Bang goes out of Sisendi firework units
Inflation, growing anti-cracker awareness and the 2014 blast have caused a decline in cracker manufacturing, so much so that only one unit is operational, finds out HT on a visit to the town near Lucknowlucknow Updated: Oct 08, 2017 13:52 IST
Cracker manufacturing is virtually on its last leg in Sisendi, the small town near Uttar Pradesh’s Lucknow which was once the hub of legal as well as illegal fireworks units. Inflation, growing anti-cracker awareness and largely the 2014 cracker factory tragedy played an important role in the formidable decline in cracker manufacturing in the town that had been in the trade since the British era.
On being asked about crackers, the locals here say, “Crackers are no longer made here.” Be it legal or illegal cracker manufacturing units, people say the business does not more flourish in Sisendi anymore. The majority of people cited the 2014 cracker factory tragedy as the main reason behind the declining cracker business. “The 2014 incident was an eye opener and many illegal cracker factories closed down on their own while the licenses of other legal units got cancelled,” said Sarvesh Savita, a barber in the local market.
Septuagenarian Savita said Sisendi had a long history of cracker manufacturing. “I learnt from my father and elders that Sisendi’s crackers were quite famous. It’s the rare composition of chemical (called shora in local lingo) and powdered charcoal that makes the crackers quite popular in the market. In fact, Sisendi’s crackers were famous during the British era too,” she said.
Presently, there is only one license holder left in Sisendi, who largely manufactures mehtaab and anaar. “We are the only ones left in Sisendi. Our license, that is 80 years old, got cancelled after the 2014 blast but I got it renewed recently,” said Shakir Ali, the lone licensed cracker manufacturer in Sisendi.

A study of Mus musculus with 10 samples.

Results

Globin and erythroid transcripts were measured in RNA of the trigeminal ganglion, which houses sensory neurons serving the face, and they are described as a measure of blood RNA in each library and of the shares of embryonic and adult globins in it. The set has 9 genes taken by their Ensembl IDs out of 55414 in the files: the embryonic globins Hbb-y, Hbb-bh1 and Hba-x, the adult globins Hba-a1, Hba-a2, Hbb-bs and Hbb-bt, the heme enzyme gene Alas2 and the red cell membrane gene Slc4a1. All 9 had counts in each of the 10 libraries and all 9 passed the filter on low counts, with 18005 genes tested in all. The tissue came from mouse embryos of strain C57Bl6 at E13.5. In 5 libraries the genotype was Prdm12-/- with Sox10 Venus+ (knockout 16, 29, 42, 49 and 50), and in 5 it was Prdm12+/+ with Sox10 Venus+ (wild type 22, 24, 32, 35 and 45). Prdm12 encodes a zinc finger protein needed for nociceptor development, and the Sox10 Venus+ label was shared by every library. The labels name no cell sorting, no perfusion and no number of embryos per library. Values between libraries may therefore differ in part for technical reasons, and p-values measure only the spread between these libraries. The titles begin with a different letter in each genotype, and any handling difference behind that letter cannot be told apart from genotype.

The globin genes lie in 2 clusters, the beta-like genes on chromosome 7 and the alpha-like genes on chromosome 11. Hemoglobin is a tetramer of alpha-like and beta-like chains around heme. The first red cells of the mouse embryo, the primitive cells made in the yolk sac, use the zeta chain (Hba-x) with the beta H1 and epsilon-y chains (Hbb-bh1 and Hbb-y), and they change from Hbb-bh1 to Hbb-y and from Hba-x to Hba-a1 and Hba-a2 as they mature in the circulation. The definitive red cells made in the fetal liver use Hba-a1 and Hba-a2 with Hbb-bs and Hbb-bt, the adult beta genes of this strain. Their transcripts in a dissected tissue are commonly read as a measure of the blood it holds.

Ali strictly follows the fire safety norms and has proper fire safety equipments in place to meet any exigency. “I have ensured all fire safety measures at the unit that is situated on farmland,” said Ali, as he highlighted the arrangement.
Ali said cracker manufacturing was his ancestral trade. But over the years, the trade witnessed a sharp dip and the 2014 blast played an important role in it.. Other than this, inflation and growing anti-cracker awareness also played spoilsport. He said the cost of chemical (shora) had reached to Rs90 per kg and charcoal Rs 60. Besides, the cost of other chemicals used in crackers had also gone up, making it difficult to meet the expenses.
“Our business is declining day by day. I don’t own land, nor have any other source of income. So I am left with no option but to carry on the ancestral business,” he said while filling the inflammable mixture into an earthen anaar.
He said he knew that his business would not last for long. “But I am doing it till I am alive,” he added on an emotional note.